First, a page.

31 octobre, 2012
Est. Reading: 2 minutes
Dr. Naasson Munyandamutsa. Photo credit: cips Marcos Gittis for Cyprus 2015

In 2011, Cyprus 2015, the Interpeace initiative in Cyprus, was chosen by the United Nations Development Programme – Action for Cooperation and Trust in Cyprus (UNDP-ACT) to design a monitoring and evaluation mechanism to regularly measure the state of reconciliation on the divided island. This ‘Reconciliation Index’ is intended to allow governmental and non-governmental institutions, the donor community and other relevant actors to assess the state of reconciliation in Cyprus, and better target efforts to consolidate peace. An effective reconciliation index is also a tool that could eventually be adapted and put into operation in other contexts as well.

A multidisciplinary approach

In line with this new project, the team organized a four-day workshop on Social Cohesion and Reconciliation in September. It brought together ten leading experts on reconciliation, both academics and practitioners, to discuss options to measure social cohesion. The presentations and discussions looked at the issue of reconciliation from different angles, including sociology, political science and psychology, and were enriched by lessons learned from experiences in Israel, Northern Ireland, Rwanda, Bosnia and South Africa.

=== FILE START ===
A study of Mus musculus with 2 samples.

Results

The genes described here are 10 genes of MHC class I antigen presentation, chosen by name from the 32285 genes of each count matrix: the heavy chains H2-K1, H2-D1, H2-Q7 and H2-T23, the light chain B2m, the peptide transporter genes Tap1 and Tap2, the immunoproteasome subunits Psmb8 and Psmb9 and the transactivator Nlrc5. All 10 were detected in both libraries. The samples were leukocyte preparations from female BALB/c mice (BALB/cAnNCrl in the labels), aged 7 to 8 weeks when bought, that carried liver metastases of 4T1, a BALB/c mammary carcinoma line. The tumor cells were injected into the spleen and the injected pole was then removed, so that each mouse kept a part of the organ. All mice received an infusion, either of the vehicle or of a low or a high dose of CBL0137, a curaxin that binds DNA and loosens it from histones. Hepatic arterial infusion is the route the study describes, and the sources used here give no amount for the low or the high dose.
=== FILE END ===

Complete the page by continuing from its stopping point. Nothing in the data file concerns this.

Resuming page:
Bernardo Arévalo de León, Deputy Director-General, Research and Development at Interpeace explains: “This workshop is a great opportunity for academics and practitioners to get together and share their knowledge. We have a great deal to learn from each other and can benefit from the different experiences. That is why I think it is excellent news that the participants agreed to collaborate in the future.”

Filling a gap in the later phase of post-conflict process

In order to prepare the ground for setting up a reconciliation index, the experts examined methods to measure the roles of actors at different stages of conflict and its transformation. They also discussed the conceptual aspect of reconciliation.

Dr Naasson Munyandamutsa, from Interpeace’s partner in Rwanda, the Institute of Research and Dialogue for Peace (IRDP), stressed the importance of regularly monitoring the state of reconciliation. “Rebuilding people’s trust in each other and in political structures, values and leadership is one of the main challenges in a post-conflict situation,” shares Naasson.

A public conference was also organized and took place within the United Nations buffer zone. It was attended by Greek- and Turkish-Cypriot officials, the United States Ambassador to Cyprus, civil society and media representatives, as well as most of the experts from the workshop.